Studies have shown that both lesioning and DBS can dramatically improve dystonia. Both approaches are associated with a small, but real, risk of complications. There has not been a clinical study to compare the results of lesioning procedures and DBS, and the advantages and disadvantages of each remain an open issue.
Lesioning procedures and DBS have many elements in common including:
• Patient selection criteria
• Area of brain targeted
• Basic surgical procedure
• Potential for profound benefit to eligible patients
• Risk of complications including hemorrhage during surgery, hemiplegia or hemiparesis, sensory impairments, speech/language impairment
In both cases, the surgery is lengthy. While every effort is made to help make the patient comfortable, both procedures require the individual to remain awake and responsive for hours at a time while in positioned in a head frame. The chance of benefit must be weighed against the risk of complications. No two cases of dystonia are alike, and determining the specific approach to treatment—in this case lesioning or DBS—must be decided after careful discussions among the patient, family members, the neurologist, and neurosurgeon.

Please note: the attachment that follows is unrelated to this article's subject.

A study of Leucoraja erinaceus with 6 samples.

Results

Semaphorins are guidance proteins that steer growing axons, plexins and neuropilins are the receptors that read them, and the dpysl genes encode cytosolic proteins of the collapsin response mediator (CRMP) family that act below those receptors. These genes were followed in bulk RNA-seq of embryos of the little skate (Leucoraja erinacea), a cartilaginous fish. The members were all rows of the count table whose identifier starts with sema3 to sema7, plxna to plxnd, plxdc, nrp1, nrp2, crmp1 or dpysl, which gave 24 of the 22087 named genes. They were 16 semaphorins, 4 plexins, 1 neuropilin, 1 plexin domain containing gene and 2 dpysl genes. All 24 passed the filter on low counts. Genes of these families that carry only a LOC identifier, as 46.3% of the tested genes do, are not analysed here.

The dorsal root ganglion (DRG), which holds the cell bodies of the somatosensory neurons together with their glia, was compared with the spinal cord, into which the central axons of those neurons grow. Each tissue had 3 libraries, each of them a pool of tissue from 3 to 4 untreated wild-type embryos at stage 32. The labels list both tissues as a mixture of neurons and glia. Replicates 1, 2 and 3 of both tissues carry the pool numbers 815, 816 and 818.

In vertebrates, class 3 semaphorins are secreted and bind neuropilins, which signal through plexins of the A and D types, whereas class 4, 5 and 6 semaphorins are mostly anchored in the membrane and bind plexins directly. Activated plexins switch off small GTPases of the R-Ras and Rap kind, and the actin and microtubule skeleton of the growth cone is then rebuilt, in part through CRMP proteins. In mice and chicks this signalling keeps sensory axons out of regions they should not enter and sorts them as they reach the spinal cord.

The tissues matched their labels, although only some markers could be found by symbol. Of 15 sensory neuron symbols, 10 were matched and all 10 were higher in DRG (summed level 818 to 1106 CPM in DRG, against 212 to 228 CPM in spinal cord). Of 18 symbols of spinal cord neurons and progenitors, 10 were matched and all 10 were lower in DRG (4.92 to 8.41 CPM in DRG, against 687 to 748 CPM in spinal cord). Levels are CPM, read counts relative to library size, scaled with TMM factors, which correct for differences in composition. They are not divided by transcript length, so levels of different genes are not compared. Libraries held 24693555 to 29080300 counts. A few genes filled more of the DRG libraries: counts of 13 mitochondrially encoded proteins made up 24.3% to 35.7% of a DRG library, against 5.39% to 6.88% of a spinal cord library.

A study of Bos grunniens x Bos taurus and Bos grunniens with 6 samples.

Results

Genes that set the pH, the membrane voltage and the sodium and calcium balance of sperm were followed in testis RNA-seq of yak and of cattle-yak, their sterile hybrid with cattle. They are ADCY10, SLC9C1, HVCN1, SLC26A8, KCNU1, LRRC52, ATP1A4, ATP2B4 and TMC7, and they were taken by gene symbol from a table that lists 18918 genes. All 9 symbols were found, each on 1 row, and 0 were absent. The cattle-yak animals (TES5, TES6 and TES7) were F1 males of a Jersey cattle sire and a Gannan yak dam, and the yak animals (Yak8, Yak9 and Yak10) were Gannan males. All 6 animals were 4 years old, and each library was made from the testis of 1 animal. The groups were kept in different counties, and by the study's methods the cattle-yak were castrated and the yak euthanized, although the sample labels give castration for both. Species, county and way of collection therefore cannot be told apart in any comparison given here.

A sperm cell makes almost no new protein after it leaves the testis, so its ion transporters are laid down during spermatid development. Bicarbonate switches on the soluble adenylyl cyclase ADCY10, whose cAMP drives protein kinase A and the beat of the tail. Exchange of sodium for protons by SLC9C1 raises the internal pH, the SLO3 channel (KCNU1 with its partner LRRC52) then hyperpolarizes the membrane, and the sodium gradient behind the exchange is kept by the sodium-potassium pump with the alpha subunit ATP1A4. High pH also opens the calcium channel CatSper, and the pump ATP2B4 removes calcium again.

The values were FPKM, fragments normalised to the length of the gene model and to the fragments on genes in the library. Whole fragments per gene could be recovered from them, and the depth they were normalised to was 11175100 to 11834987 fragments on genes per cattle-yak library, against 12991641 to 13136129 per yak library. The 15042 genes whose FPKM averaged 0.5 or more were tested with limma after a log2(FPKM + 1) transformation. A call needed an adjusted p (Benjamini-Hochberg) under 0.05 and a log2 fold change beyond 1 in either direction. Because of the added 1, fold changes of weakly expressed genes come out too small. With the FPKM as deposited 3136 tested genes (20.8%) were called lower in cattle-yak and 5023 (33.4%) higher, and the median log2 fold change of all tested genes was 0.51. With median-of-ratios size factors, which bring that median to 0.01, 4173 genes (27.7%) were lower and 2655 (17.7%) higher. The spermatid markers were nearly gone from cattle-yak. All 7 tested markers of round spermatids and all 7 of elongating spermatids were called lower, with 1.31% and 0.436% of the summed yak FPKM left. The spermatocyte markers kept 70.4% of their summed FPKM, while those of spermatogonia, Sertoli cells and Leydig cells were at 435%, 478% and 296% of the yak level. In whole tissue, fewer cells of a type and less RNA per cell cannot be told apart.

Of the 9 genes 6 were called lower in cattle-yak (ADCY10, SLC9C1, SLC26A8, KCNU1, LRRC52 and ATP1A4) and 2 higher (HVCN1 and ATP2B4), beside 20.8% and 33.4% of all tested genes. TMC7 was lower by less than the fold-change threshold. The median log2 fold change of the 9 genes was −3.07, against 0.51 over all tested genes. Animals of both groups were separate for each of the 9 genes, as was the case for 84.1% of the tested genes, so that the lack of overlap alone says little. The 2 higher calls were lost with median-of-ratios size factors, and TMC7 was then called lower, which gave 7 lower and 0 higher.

Of the dystonia patients who are eligible for brain surgery, more individuals are currently being recommended for DBS than pallidotomy. The pallidotomy, however, is not an obsolete procedure. Unless a patient is against having hardware installed in his/her body, the tendency is to try DBS before proceeding to the pallidotomy because DBS is adjustable and reversible.
Financial and geographical issues cannot be overlooked. Persons who have DBS must visit the doctor regularly for maintenance check-ups. People who live in remote areas or areas not in proximity to a major movement disorder center may be at a disadvantage. Travel to and from the center—and the expense of this travel—is a part of the ongoing management required of DBS patients.
Because lesioning creates a permanent change in the brain tissue, there is a slightly higher risk of permanent complications during the surgery such as swallowing difficulty, speech difficulty, and cerebral hemorrhage. Because DBS involves the implantation of hardware, complications associated with the apparatus are possible, including infection, erosion through the skin, hardware breakage, and stimulator failure. The risk of hardware complications exists for as long as the hardware is implanted.
It remains to be seen whether the pallidotomy or DBS is more effective than the other. The experience of the surgeon and medical team are the most important determinants of success and risk. The lowest incidence of complications occurs in major medical centers that perform these procedures often. Patients should choose a center with a long-standing expertise in movement disorders and a clinical team devoted to surgery for dystonia and movement disorders. A movement disorder neurologist and a surgeon should be specially trained in functional surgery, and an electrophysiologist should be on staff for brain mapping. An experienced nursing staff is also important.